Qantas stated (15-Oct-2013) it would this week add its 68th Boeing 737-800 to its 314 strong fleet. The carrier will take delivery of 123 new aircraft in just over four years, resulting in an average passenger aircraft age of 7.9 years, its lowest level since privatisation. Qantas Domestic CEO Lyell Strambi said the airline’s fleet renewal plan is a strategic priority in the domestic market and fundamental to customer satisfaction. He said, "We know that a modern aircraft like the Boeing 737, with the latest in technology and design, is a major draw card for our customers....We also know that by simplifying our fleet and making better use of the increased flexibility and higher frequencies that an aircraft like the Boeing 737 provides, we can remain the airline of choice for domestic travellers.” The latest 737-800 is configured with 12 business and 156 economy seats, with a 37" seat pitch and 22" width in business and 17" width and 30" pitch in economy. Qantas will take delivery of seven additional 737-800 aircraft for Qantas Domestic between now and the end of 2014. The delivery of the 737 aircraft will coincide with Qantas’ plans to reconfigure the interior of 10 A330-300s and 20 A330-200s with a new flat seat in business class, refreshed economy cabin and a new IFE offering. The new interiors will feature on Qantas’ Airbus A330 fleet from late 2014. The A330-300s will be operated by Qantas International primarily on its network between Australia and Asia, while the A330-200s will be operated by Qantas Domestic on routes between the east coast and Perth, enabling the retirement of the Group’s Boeing 767s fleet. [more - original PR]
Qantas receiving 68th 737-800NG this week, to continue fleet renewal process in coming years
You may also be interested in the following articles...
Australia and New Zealand hit highs in 2016, but 2017 will lose a little lustre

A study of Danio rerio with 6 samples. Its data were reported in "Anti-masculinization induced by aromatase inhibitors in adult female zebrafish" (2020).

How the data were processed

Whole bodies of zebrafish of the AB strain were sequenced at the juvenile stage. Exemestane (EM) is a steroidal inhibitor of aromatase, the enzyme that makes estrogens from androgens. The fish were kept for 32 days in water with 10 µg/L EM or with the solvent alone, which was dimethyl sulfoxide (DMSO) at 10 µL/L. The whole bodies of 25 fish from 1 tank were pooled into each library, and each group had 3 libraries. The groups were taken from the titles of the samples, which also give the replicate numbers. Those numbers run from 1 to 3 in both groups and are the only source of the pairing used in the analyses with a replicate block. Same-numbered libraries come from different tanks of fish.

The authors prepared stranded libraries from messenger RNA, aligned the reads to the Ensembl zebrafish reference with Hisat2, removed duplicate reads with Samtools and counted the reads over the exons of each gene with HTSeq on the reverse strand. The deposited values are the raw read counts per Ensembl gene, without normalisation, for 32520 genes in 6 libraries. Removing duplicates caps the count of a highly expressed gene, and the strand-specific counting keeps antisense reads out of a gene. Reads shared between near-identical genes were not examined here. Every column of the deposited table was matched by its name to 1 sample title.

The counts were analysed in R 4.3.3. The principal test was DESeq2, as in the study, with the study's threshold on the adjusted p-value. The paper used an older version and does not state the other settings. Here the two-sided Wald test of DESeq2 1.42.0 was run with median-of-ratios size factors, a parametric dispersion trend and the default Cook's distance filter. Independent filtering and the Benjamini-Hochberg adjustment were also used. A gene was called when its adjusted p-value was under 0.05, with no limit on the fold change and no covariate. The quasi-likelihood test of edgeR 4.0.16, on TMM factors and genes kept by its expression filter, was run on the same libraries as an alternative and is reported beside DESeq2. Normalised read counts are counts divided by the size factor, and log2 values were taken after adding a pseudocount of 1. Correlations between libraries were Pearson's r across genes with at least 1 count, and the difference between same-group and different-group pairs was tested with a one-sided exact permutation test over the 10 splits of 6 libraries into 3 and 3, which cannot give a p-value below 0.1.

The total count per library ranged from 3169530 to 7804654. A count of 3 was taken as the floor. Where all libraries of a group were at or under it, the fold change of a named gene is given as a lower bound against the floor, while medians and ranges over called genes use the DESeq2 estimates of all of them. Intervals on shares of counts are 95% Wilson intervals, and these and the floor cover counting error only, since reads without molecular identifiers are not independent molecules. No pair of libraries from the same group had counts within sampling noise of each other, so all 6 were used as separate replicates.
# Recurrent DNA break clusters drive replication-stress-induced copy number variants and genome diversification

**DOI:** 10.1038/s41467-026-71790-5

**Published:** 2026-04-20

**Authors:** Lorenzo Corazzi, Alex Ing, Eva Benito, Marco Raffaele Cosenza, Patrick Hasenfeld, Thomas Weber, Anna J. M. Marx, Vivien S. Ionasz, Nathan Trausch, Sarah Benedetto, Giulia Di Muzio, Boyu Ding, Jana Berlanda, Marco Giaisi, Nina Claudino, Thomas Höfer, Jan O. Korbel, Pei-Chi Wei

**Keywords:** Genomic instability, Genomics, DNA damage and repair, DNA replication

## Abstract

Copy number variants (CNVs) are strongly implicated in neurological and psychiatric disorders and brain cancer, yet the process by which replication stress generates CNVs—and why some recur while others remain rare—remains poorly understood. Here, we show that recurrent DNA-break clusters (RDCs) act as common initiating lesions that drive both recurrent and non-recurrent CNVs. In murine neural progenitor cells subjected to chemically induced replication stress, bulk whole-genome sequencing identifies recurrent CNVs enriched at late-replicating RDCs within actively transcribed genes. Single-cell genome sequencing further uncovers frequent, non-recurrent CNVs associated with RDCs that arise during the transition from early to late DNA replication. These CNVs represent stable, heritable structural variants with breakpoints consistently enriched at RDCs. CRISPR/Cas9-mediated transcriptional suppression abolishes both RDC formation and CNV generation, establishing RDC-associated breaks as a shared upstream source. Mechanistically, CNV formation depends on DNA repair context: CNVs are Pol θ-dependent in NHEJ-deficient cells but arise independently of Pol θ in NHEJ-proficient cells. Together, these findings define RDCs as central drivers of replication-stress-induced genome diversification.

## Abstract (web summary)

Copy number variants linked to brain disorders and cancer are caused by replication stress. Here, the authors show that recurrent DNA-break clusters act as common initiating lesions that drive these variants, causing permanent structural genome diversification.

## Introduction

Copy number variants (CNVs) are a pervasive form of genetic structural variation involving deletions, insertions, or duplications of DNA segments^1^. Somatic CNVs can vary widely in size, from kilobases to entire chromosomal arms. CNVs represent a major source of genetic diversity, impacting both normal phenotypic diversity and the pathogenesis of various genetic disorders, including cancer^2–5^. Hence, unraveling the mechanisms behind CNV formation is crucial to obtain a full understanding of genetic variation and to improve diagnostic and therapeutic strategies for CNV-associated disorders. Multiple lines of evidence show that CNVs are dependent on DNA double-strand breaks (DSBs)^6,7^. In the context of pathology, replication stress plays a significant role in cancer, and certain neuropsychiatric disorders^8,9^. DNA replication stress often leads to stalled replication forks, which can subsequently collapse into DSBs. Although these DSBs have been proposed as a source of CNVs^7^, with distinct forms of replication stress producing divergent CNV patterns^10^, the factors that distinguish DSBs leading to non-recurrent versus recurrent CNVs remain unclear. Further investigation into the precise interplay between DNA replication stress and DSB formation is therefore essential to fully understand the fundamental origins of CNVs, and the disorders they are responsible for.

Australia and New Zealand enter 2017 on a different level from 12 months previously. The biggest change, not just compared to 2016 but since the global financial crisis, is that Qantas is revelling in a successful turnaround.
Global commercial aircraft deliveries fell in 2016 as Boeing again outsold Airbus; 2017 to be a peak
The global commercial aircraft fleet grew by 4% in 2016 and the year ended with an order backlog of more than nine years of production. Among the regions, North America still has the biggest and oldest fleet, but the lowest ratio of orders to aircraft in service. By contrast, Middle East has the fewest in service, but the highest ratio of orders to current fleet numbers.
This report gives an overview of the number of commercial aircraft deliveries in 2016 and the outlook into 2017 and beyond. It also looks at numbers in service and on order by region. It is based on preliminary numbers from the CAPA Fleet Database and guidance on 2016 deliveries from Airbus and Boeing, who have yet to announce final numbers.
The data indicate that total worldwide deliveries fell in 2016, the first such decline for six years, as a result of delays to new aircraft programmes. Boeing delivered more aircraft than Airbus for the fifth straight year, but its deliveries fell short of its 2015 level, while Airbus increased its numbers year-on-year. Total deliveries will likely rise again in 2017, but this may prove to be a peak year.